Given the over 1-year history of an unchanging longitudinal band of pigment without extension to the proximal or lateral nailfolds or any other nail findings, the most likely diagnosis is benign longitudinal melanonychia.
Longitudinal melanonychia, also known as melanonychia striata, describes a brown to black streak of pigment extending from the nail matrix to the free edge of the nail.1,2
This disorder can occur secondary to a wide variety of benign and pathologic causes including lentigines, nevi, melanoma, chronic trauma, inflammatory skin diseases, systemic diseases, iatrogenic causes, and genetic syndromes.3 In melanocytic causes of longitudinal melanonychia, either melanocytic activation or hyperplasia drive pigmentary development leading to the brown to black band seen in the nail.4 Benign causes of longitudinal melanonychia include benign melanocyte activation, lentigo, and benign nevus.1
What’s the differential diagnosis?
The differential diagnosis for longitudinal melanonychia can include a wide variety of local and systemic causes. For our discussion, we will limit our differential to other locally involved disorders of the nail including subungual melanoma, subungual hematoma, onychomycosis, and glomus tumor.
Subungual melanoma is a rare subtype of acral lentiginous melanoma that most often presents as longitudinal melanonychia. Subungual melanoma is more common in those aged 50-70 years, individuals with personal or family history of melanoma or dysplastic nevus syndrome, and persons with African American, Native American, and Asian descent. Longitudinal melanonychia features that can be concerning for subungual melanoma include the presence of multiple colors, width greater than or equal to 3 mm, blurry borders, rapid increase in size, and extension to the proximal or lateral nailfolds (Hutchinson’s sign). Biopsy is required to make the diagnosis of subungual melanoma but is not necessary for melanonychia without atypical features.
Treatment of subungual melanoma depends on disease stage and can range from wide local excision of the nail apparatus to amputation of the affected digit and management with a medical oncologist. Given the absence of concerning neoplastic findings or personal or family history of melanoma, subungual melanoma is unlikely in this patient.
Subungual hematoma is an accumulation of blood underneath the nail plate that is typically the result of acute or chronic trauma to the distal phalanx. It can present as purple, red, pink, brown, or black discoloration under the nail plate and is most commonly found on the first toe. With acute trauma, pain is usually present upon initial injury. Subungual hematomas typically resolve on their own with normal nail growth. The absence of a history of trauma or pain, and the linear appearance of the lesion in our patient are inconsistent with a subungual hematoma.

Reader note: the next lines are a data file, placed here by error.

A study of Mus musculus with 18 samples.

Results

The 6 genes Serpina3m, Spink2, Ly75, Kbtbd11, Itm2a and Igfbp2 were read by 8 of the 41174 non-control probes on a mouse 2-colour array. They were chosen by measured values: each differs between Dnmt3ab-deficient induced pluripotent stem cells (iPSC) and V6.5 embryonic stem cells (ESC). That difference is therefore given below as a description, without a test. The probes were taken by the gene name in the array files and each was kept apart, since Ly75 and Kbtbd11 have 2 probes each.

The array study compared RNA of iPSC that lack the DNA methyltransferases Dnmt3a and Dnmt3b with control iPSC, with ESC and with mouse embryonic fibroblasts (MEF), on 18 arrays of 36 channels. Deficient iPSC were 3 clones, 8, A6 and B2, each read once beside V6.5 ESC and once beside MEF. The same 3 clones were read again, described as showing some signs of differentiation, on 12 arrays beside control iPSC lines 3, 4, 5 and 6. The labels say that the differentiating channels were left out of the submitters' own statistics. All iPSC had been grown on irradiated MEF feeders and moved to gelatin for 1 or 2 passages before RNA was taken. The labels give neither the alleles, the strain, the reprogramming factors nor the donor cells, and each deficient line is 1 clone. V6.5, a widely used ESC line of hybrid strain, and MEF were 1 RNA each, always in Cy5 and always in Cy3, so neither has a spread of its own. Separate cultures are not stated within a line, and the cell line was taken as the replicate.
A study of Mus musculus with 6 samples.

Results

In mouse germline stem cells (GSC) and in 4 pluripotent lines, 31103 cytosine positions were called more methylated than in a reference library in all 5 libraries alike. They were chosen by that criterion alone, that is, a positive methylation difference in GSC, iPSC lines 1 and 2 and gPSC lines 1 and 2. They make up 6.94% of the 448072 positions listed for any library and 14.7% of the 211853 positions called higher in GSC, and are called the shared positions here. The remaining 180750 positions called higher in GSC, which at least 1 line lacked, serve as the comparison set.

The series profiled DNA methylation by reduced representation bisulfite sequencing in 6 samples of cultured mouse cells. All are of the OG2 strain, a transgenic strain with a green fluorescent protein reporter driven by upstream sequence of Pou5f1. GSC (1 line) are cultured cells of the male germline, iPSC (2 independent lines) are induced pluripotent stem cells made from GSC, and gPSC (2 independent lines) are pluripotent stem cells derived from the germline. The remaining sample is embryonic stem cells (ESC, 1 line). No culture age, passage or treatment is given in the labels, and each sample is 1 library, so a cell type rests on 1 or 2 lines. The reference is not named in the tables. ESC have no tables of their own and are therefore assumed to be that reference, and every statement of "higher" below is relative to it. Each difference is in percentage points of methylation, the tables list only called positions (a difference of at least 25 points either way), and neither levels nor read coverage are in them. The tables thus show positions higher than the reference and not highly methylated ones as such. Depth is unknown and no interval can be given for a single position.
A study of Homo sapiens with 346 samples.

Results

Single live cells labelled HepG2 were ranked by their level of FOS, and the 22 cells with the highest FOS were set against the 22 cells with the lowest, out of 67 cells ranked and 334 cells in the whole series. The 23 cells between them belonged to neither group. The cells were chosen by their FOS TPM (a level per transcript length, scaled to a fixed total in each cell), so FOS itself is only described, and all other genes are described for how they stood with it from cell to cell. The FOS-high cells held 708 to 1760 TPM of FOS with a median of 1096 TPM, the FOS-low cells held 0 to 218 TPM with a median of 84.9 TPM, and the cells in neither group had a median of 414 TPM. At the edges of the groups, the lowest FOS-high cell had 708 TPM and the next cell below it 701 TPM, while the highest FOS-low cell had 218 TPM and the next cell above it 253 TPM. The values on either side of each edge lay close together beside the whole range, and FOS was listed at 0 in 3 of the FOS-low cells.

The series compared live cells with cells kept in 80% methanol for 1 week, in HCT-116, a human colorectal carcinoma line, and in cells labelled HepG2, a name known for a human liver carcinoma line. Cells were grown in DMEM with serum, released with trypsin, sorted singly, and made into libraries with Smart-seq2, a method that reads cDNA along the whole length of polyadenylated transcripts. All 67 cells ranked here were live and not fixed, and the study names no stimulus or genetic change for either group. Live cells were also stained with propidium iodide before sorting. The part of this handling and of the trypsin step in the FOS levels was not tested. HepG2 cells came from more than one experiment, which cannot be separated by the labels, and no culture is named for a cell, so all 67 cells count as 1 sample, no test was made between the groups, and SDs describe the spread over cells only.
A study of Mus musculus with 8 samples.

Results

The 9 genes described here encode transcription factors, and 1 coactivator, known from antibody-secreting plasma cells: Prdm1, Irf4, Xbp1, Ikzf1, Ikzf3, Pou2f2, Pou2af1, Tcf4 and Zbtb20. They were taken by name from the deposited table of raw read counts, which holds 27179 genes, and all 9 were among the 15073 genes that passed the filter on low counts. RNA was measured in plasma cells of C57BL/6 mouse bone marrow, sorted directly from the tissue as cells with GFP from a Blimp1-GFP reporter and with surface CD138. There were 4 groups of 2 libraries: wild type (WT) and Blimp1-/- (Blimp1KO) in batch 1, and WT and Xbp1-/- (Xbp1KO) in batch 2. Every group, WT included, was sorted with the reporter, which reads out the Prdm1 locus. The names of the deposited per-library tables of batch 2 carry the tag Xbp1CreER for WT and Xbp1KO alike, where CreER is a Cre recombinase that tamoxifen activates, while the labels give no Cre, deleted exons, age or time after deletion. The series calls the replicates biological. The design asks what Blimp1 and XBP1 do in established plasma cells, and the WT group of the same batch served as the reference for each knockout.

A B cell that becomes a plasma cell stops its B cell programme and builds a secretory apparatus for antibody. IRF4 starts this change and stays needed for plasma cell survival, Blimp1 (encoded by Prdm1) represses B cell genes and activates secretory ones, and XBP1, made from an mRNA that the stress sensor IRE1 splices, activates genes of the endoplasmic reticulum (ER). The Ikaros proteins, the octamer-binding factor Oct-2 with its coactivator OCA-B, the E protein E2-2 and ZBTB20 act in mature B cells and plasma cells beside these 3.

Onychomycosis is a fungal infection of the nail caused by dermatophytes, nondermatophytes, or yeasts. It may present with longitudinal melanonychia; however, it more often presents with other nail abnormalities such as nail thickening, yellow discoloration, onycholysis, splitting, subungual hyperkeratosis, and nail plate destruction, which are not present in this patient. Furthermore, onychomycosis is more common in adults than children. Diagnosis is usually made with potassium hydroxide (KOH) preparations, histopathologic examination of nail clippings with a periodic acid-Schiff stain, fungal culture, or PCR.
Glomus tumor is a rare, benign neoplasm originating from cells of the glomus body. It is often found in the subungual region, in addition to other areas rich in glomus bodies such as the fingertips, palms, wrists, and forearms. Subungual glomus tumors present as a red, purple, or blueish lesions under the nail plate. Distal notching or an overlying longitudinal fissure may be present. Subungual glomus tumors are typically associated with pinpoint tenderness, paroxysmal pain, and cold sensitivity, features that are not present in our patient. The history and examination of our patient are much more consistent with benign longitudinal melanonychia.
It appears that melanoma associated with longitudinal melanonychia is very rare in children. According to one review published in 2020, only 12 cases of pediatric subungual melanoma have been reported.5 Recent series have observed longitudinal melanonychia in large sets of children, with findings that demonstrate that the vast majority of longitudinal melanonychia either stops progressing or regresses. These investigations therefore recommend serial observation of longitudinal melanonychia except in rare circumstances.6,7
Given the lack of troubling findings or concerning history, our patient was managed with observation. On follow-up 6 months later, he was found to have no change in his nail pigmentation.
Dr. Haft is an inflammatory skin disease fellow in the division of pediatric and adolescent dermatology; Ms. Sui is a research associate in the department of dermatology, division of pediatric and adolescent dermatology; and Dr. Eichenfield is vice chair of the department of dermatology and professor of dermatology and pediatrics, all at the University of California and Rady Children’s Hospital, San Diego. They have no relevant disclosures.